J Street works to promote an open, honest and rigorous conversation about Israel. The opinions reflected in articles posted in the News Roundup do not necessarily reflect J Street’s positions, and their posting does not constitute an endorsement from J Street.
On Capitol Hill, rally-goers agree that antisemitism is un-American. But when Israel is involved, it gets complicated., JTA
“Notably absent were representatives of more left-wing groups that were asked to join but opted out of attending because some of the sponsoring groups adhere to a definition of antisemitism that encompasses harsh criticism of Israel, including the movement to boycott, divest and sanction Israel. Groups like J Street and Americans for Peace Now oppose BDS, but object to defining it as antisemitic.”
Amid calls for Jewish unity, rally against antisemitism centers Israel, Forward
“It was the likely first major protest against domestic antisemitism held in the nation’s capital in American history, but to many it bore more resemblance to a pro-Israel rally. ‘No Fear: A Rally In Solidarity with the Jewish People’ brought more than 2,000 to the Capitol Sunday, when the temperature approached 90 degrees. Relatively few liberal and progressive Jews stood among them, though organizers billed the event as one to unify Jews from across the political and religious spectrum — as long as they were not anti-Zionist. […] Other leading liberal Jewish organizations including J Street, Bend the Arc and T’ruah also did not participate although their leadership did not specify a reason.”
Netanyahu vacates prime minister’s residence in Jerusalem, AP
Benjamin Netanyahu and his family vacated the Israeli prime minister’s official residence early Sunday, nearly a month after the longtime leader was ousted from office with the formation of an alternate government.
U.S. Envoy Hady Amr Visits Israel and Palestinian Authority, Bloomberg
U.S. Deputy Assistant Secretary of State for Israeli and Palestinian Affairs Hady Amr is visiting Israel and the Palestinian territories this week. Amr will meet with Israeli and Palestinian private sector representatives and government officials to follow up on the recent visit of Secretary of State Antony Blinken, according to a statement from the U.S. Embassy in Jerusalem. He will also meet officials from the United Nations.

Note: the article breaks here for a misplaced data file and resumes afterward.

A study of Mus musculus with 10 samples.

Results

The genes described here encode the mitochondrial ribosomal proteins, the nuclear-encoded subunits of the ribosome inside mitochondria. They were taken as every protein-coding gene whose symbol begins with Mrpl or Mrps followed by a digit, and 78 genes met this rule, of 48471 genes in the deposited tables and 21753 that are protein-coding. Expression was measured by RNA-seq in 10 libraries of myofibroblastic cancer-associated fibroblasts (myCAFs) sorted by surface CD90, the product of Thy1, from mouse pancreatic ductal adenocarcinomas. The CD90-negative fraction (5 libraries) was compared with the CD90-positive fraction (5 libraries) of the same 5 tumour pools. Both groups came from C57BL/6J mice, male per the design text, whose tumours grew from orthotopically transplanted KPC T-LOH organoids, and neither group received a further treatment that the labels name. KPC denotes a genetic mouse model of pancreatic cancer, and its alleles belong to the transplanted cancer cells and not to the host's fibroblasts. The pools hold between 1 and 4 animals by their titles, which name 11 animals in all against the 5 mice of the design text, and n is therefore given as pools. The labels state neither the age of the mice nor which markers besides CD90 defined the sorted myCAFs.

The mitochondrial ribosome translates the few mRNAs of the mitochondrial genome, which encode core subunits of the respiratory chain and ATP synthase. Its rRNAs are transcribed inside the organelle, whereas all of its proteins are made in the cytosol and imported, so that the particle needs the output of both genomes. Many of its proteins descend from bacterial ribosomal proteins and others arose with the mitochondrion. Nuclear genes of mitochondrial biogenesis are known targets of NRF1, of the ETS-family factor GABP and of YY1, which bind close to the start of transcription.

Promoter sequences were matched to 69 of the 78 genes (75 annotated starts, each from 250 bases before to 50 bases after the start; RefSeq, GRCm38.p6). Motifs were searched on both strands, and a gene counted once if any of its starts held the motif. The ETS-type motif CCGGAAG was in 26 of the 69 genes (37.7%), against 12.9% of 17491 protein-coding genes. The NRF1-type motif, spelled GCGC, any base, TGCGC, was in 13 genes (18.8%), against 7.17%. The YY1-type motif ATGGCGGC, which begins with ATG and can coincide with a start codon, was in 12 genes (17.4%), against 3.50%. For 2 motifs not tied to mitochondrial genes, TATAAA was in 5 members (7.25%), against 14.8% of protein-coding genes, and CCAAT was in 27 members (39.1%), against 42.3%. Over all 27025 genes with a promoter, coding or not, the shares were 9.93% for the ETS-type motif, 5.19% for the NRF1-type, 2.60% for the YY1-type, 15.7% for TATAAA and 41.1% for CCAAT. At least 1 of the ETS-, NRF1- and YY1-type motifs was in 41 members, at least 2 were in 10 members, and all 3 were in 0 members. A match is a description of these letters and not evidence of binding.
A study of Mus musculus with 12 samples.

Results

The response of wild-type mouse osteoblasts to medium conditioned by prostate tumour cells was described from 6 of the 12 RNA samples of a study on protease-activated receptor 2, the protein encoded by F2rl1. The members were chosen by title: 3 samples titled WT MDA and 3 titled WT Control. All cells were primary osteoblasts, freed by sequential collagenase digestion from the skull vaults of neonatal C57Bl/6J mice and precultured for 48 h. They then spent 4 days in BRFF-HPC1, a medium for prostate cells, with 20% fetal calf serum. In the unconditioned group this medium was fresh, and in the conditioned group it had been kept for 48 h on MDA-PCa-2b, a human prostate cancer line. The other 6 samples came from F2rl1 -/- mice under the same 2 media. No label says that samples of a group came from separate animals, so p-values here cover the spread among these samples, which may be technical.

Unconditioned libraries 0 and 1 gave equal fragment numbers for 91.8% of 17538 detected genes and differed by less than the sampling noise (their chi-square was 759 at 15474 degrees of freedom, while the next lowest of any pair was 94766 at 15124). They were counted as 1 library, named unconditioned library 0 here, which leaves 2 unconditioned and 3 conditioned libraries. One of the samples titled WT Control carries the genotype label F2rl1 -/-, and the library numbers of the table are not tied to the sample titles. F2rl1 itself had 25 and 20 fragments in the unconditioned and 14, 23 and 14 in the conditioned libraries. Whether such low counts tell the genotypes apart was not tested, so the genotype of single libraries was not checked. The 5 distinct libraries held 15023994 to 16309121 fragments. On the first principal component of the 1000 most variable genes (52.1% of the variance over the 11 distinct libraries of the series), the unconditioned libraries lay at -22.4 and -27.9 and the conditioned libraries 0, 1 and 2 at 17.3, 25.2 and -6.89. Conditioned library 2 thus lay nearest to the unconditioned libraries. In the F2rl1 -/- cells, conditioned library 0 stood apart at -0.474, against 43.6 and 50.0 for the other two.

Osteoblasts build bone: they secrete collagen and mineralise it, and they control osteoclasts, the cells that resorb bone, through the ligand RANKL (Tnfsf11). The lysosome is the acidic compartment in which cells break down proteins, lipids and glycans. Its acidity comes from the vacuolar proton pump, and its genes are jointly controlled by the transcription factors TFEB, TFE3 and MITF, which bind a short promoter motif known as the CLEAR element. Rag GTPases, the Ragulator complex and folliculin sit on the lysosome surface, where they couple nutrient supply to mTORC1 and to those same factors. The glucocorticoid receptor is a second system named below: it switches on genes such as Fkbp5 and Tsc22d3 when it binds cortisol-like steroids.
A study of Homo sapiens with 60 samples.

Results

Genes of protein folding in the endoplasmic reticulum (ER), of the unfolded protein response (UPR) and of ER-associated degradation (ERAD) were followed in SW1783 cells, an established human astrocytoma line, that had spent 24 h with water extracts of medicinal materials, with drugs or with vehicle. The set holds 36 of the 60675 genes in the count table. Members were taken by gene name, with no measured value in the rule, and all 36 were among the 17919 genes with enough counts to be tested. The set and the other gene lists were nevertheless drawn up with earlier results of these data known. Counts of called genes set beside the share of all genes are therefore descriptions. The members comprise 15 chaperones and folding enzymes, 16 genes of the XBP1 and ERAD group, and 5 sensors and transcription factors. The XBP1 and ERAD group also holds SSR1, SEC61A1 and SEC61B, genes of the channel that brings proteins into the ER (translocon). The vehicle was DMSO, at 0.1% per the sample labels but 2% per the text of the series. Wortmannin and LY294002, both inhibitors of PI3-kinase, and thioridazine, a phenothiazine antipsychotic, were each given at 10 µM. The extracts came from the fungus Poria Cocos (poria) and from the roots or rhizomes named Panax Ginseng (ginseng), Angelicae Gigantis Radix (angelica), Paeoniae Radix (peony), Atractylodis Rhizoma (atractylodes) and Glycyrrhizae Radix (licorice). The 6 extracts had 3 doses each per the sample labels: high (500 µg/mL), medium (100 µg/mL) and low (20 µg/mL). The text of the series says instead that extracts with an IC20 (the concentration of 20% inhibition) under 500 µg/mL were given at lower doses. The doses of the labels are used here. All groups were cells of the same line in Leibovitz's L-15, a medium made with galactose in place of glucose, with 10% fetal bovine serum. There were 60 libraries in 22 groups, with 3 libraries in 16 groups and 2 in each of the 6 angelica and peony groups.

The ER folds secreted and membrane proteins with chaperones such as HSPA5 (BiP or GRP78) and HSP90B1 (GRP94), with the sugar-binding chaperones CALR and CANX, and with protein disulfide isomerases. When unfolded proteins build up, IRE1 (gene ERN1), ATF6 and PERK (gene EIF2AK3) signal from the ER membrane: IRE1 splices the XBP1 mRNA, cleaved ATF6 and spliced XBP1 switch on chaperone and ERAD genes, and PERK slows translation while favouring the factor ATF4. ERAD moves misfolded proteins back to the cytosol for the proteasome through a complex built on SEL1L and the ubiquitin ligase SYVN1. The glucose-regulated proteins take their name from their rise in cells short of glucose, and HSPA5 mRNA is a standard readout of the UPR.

Israel’s high court opens the way for same-sex couples to have children via surrogacy, Washington Post
A decision by Israel’s supreme court Sunday paved the way for same-sex couples to have children through surrogacy, capping a decade-old legal battle in what activist groups hailed as a major advance for LGBTQ rights in Israel. Restrictions on surrogacy for same-sex couples and single fathers in Israel must be lifted within six months, the court ruled, giving authorities time to prepare for the change while making clear that it is a definitive one.
Why Palestinians are uniting around watermelon emoji, Washington Post
Raising the red, green, white and black Palestinian flag has historically been banned at times in Israel and today draws the ire of authorities. So the watermelon — locally grown and similarly colored — has for decades served in Palestinian iconography as a subversive stand-in. In recent weeks, the watermelon has resurged on social media, as part of what some Palestinians say are efforts to preempt or circumvent online censorship and content moderation, in the face of heightened enforcement sparked by the Israel-Hamas conflict in May and the attendant wave of grass-roots Palestinian activism.
Some Israelis are still traumatized 2 months after the deadly violence between Arabs and Jews, JTA
Given the torrent of news developments in Israel since its brief war with Hamas in May — a new prime minister and government, an unexpected resurgence of COVID-19 — the 11-day conflict might be easily forgotten. But two months on, many Israelis are suffering lingering trauma — both from the more than 4,000 rockets and mortar shells fired from Gaza and the paroxysm of internal violence that the conflict sparked between Arabs and Jews inside Israel.
In Europe, Lapid tells NATO chief Israel wants to deepen ties, Times of Israel
Foreign Minister Yair Lapid met in Brussels with NATO Secretary-General Jens Stoltenberg on Monday, ahead of a series of bilateral talks with several of his European counterparts. Lapid expressed his desire to deepen ties with NATO and declared Israel’s readiness to support the alliance on matters of intelligence, cybersecurity, counter-terrorism, climate change, maritime security, missile defense, and civilian emergency management.
Defend Israeli and Palestinian human rights workers, LA Times
Daniel Sokatch writes, “If the Biden administration is serious about its commitment to a human-rights-first foreign policy, then speaking up to protect Israeli and Palestinian human rights defenders should be part of that agenda.”
Explained: Why Israel Says Yes to LGBTQ Surrogacy but No to Marriage Equality, Haaretz
Allison Kaplan Sommer writes, “For the same parity to be applied to marriage, the Knesset will first have to undertake a legislative overhaul that will divest the religious establishment of its power – a ‘politically unfeasible’ scenario”
In a Moment of Honesty, Lapid Revealed Israel’s Antidemocratic Essence, Haaretz
Carolina Landsmann writes, “Yair Lapid decided to speak honestly. ‘We shouldn’t hide the essence of the Citizenship Law,’ he said. ‘It’s one of the tools aimed at ensuring Israel’s Jewish majority.’ The moment the masks are removed is exciting. Regardless of whether it’s the reality show ‘The Masked Singer’ or the removal of political masks, it’s always exciting to see what someone’s real identity is.”